Karim El-Bar LONDON -:
Open letter signed by over 170 cultural figures in Europe called on EU to make clear independent Scotland could join bloc.
Over 170 cultural figures from across the EU and UK have called on the EU to guarantee Scotland’s membership in the bloc if it votes to become an independent country, in an open letter published in the Guardian on Thursday.
The letter was also published in other European outlets, and is available online translated into 19 European languages.
“We want the people of Scotland to know that Europeans everywhere would welcome them back in the European Union if this is their democratic wish,” they wrote.
In 2016, 62% of Scots voted to remain in the EU, and not a single Scottish district voted to leave. As the UK as a whole decided to leave, Scotland left too in 2020.
The Scottish National Party is a center-left party that is pushing for a second independence referendum. They are widely expected to win the Scottish parliamentary elections this year, and the Scottish parliament is expected to have a pro-independence majority. The national UK government has repeatedly ruled out a second independence vote, however.
The signatories of the letter wrote to the EU: “We call on you to ensure that the EU clearly signals a path for Scotland to become a member in advance of any independence referendum.”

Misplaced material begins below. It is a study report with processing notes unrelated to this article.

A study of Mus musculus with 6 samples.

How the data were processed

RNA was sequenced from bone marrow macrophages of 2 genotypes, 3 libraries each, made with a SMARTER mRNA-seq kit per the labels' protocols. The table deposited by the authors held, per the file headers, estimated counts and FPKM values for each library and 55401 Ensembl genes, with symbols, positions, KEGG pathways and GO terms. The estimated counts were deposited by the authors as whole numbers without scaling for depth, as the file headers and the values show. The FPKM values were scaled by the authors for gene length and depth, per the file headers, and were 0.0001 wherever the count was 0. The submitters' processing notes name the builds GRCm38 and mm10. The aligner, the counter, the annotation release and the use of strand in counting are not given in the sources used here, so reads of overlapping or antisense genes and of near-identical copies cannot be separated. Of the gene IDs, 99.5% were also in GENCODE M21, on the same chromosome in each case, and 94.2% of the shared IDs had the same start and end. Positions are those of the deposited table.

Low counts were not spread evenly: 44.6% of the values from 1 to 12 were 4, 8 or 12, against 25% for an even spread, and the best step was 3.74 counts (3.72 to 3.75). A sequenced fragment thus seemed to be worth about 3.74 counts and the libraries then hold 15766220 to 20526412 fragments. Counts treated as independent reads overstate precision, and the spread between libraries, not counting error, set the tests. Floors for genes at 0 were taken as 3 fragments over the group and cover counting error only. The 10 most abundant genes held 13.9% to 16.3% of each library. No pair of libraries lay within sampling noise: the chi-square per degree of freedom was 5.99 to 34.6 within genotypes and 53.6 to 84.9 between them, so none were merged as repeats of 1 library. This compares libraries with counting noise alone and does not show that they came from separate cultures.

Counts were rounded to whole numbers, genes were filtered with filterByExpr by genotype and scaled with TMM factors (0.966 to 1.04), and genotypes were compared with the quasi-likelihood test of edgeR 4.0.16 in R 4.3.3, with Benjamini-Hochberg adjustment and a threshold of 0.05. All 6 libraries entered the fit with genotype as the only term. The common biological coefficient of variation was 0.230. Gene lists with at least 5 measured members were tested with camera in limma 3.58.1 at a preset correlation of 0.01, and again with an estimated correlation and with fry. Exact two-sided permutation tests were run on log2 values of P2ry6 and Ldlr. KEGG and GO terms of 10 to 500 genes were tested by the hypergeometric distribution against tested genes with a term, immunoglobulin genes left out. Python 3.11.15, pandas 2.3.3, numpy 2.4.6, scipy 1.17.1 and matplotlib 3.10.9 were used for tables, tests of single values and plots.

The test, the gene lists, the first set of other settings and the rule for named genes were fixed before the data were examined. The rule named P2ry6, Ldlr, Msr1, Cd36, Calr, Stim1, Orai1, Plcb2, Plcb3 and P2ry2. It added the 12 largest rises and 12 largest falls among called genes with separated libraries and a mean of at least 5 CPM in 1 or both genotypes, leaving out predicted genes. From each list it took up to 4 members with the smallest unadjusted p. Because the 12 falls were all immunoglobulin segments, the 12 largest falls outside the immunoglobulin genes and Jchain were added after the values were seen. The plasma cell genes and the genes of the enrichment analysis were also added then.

“The usual process is for the EU to respond to a membership request only when it comes from an independent country,” they added.
“Scotland deserves a different process. While it is legally part of the UK, the Scottish government cannot negotiate with the EU. But the EU can declare that, because Scotland has already long been part of the EU, should it become legally and democratically independent, it need not apply as a “new” accession candidate. Instead, the EU and its member states should make a unilateral and open offer of membership – an exceptional proposal to match Scotland’s exceptional circumstances.”
They pointed to the EU’s previous flexibility with regards to Northern Ireland, having agreed it would immediately become part of the EU if it votes to join the Republic of Ireland.
“The EU should offer as much continuity as possible to Scotland too,” they said.
“This requires creative, practical thinking. No one knows the short and long-term costs of Brexit for Scotland, nor those linked to breaking away from the UK,” they wrote. “In light of this, generous terms should be offered to support Scotland’s budget in the challenging months of the transition before rejoining the EU.”
“These are important issues because they will make it possible for any referendum to be a clear, practical and democratic choice for Scotland between two unions, the EU or the UK,” they wrote.
Ian McEwan, the English novelist and screenwriter who wrote Atonement, was quoted by the Guardian as saying: “Should it decide on independence, it will thrive within the EU as other small nations do. Leading figures in Brussels have promised that ‘the door will remain open’. Now is the time for them to hang out the welcome sign.”
Other famous signatories from England include musician Brian Eno, authors Neil Gaiman and Philip Pullman, from Ireland the writer Fintan O’Toole, from Scotland actor Brian Cox, and from Slovenia philosopher Slavoj Zizek.